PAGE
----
Original story from The Missoulian.
LOLO - Some of Joshua Lisbon’s earliest memories are of tracks in the snow.
Growing up in rural Pennsylvania, with easy access to hundreds of forested acres, Lisbon remembers cold winter hikes and his father patiently teaching him about the variety of tracks that animals make as they traverse the landscape.
“That was something I really enjoyed as a boy,” he said. “I had a very idyllic childhood.”
For the last 10 years, Lisbon has made it a point to share his love for everything wild with young people in western Montana.
He feels incredibly fortunate to have landed here.
“I left my hometown on a four-month-long road trip in search of a new place to live,” he said. “I left looking for a place with a good sense of community. I also wanted a place with easy access to wilderness. Missoula had both of those things in abundance.”
His first job was with the local nonprofit, Women’s Opportunity and Resource Development, where he worked with at-risk children. Lisbon ran the organization’s summer camp, helped provide academic support in local schools and eventually created a wilderness program for high school students.
“It was a unique situation,” he said. “I had a chance to work with kids starting when they were 9 and following them all the way through to their high school graduation. I was able to nurture them. As a result, I built a strong relationship with the kids and their families. It was a really wonderful experience and one that I enjoyed immensely.”
Lisbon was especially enthralled with the ways the wilderness setting impacted both his teaching style and the way students interacted with each other.
“In the wilderness, you’re forced to be real,” Lisbon said. “You can’t hide behind the social mask that you’ve invented for yourself. You’re forced to be real on a level that’s really beautiful. It helps you develop a really good sense of authenticity that can be helpful when it comes to developing positive relationships later in life.”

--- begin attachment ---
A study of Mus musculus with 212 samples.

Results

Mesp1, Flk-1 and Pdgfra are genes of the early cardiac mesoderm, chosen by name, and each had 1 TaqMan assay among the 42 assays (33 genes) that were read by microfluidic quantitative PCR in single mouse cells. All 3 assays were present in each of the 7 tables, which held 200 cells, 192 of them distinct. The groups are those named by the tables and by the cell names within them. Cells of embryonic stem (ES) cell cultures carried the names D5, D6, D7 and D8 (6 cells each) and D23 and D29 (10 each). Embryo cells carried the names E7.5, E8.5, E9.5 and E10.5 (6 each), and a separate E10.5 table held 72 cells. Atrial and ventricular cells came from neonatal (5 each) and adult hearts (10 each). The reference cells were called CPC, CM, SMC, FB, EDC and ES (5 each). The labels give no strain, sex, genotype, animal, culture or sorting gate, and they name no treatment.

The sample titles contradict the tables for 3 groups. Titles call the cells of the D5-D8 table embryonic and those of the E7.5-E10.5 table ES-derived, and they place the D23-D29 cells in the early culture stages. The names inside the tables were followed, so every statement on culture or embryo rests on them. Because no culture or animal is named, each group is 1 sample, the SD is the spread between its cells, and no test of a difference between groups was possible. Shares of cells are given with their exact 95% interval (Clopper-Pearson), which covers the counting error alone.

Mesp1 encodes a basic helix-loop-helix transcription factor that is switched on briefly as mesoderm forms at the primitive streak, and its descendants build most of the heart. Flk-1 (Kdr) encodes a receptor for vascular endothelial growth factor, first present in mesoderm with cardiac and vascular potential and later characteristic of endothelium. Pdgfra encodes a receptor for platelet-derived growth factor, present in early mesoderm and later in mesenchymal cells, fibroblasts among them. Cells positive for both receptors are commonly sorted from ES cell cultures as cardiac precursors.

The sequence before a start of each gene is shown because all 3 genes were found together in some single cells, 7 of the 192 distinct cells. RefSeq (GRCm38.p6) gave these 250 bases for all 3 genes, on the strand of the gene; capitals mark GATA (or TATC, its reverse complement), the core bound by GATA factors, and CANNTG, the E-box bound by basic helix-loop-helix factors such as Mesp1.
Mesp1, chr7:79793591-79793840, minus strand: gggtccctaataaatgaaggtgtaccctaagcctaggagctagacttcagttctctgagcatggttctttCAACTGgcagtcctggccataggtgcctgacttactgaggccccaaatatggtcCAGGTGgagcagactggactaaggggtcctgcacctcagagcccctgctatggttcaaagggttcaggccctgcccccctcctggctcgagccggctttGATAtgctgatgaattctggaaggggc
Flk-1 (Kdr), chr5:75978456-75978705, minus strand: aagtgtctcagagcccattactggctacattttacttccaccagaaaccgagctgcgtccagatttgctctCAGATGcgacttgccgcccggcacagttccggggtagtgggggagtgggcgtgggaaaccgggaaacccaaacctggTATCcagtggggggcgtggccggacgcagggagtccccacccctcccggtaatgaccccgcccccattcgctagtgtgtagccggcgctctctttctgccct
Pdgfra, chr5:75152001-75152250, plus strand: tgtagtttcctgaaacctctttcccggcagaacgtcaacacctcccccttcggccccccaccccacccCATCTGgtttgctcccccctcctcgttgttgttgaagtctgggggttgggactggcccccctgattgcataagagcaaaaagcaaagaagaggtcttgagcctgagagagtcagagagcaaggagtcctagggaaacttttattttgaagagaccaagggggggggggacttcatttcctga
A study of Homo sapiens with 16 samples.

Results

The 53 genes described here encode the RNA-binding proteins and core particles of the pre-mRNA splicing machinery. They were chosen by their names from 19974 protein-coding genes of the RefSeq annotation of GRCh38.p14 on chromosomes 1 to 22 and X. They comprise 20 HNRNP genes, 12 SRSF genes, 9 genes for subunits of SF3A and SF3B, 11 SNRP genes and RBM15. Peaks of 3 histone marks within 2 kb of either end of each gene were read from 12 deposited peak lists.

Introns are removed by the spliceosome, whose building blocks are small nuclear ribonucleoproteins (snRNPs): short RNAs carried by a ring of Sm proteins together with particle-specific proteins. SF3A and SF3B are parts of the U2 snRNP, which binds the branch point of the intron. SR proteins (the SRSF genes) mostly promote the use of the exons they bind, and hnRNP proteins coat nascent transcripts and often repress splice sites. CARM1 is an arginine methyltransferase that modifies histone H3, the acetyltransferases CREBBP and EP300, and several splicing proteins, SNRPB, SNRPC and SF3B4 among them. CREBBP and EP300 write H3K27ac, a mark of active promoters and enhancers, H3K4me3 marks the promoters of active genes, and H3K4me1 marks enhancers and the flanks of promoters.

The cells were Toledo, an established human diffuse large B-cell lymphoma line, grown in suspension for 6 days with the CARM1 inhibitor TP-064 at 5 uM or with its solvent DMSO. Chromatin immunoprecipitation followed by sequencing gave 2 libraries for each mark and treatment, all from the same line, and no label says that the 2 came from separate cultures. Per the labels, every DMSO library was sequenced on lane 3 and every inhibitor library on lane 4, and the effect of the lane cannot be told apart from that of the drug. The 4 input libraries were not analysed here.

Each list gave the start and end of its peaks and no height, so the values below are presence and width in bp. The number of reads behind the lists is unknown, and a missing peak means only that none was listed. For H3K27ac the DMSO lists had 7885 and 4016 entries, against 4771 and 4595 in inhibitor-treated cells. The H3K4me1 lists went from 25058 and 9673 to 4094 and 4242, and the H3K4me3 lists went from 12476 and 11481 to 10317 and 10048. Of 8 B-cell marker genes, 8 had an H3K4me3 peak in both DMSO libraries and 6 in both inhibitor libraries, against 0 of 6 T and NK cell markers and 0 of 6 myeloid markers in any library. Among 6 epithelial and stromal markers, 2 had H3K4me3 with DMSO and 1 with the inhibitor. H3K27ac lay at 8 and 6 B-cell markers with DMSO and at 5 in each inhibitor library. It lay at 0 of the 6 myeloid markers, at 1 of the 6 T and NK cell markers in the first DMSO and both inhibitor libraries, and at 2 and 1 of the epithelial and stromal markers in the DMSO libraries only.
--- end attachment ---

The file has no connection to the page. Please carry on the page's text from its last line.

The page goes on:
Three years ago, Lisbon took all that he had learned to the folks who operated the sprawling, 10,000-acre MPG Ranch and offered them a chance to expand their education and outreach offerings.
“I had already collaborated with them to create summer internships,” he said. “I was a known entity to the ranch. When I pitched my idea, they liked it.”
Lisbon now works with both young and old in sharing the MPG Ranch’s mission of inspiring the next generation of conservationists.
This summer, he’ll work in conjunction with the Ecology Project International organization to create opportunities for high-school-aged naturalists to walk alongside researchers gathering information on everything from butterflies to soils.
When the snow falls, he’ll reach back to his earliest days while working alongside University of Montana students tracking carnivores across the wildest reaches of the ranch.
In between all of that, Lisbon works closely with local citizen-scientist volunteers banding birds, documenting migrating raptors and replacing miles of old barbwire fences with wildlife-friendly barriers.
“If I feel like I’m doing right by the land and I’m going right by wildlife and I’m doing right by youth, then I feel like I’m doing good,” he said. “I feel really fortunate to be able to have this opportunity.”
His co-worker, Katharine Roggeveen, has witnessed first-hand the impact Lisbon has had on the community.
“Joshua is an exceptional human being,” Roggeveen wrote in a nomination letter. “He genuinely cares about people, his community, and educating students about native landscape restoration and wildlife. Joshua empowers people and does whatever it takes to give people a positive and educational experience.”
“I feel grateful to know him and am appreciative of the opportunity to work with him every chance I get,” she wrote.
MPG Ranch education and community outreach manager
Hometown: Doylestown, Penn.
Hobbies: Anything that keeps me outside in the natural world, hunting, fishing, hiking mountain biking, backpacking, rock climbing. I also enjoy developing my primitive wilderness skills like hide tanning and tool production. For me, it’s not about survival. It’s about developing a relationship with the natural world.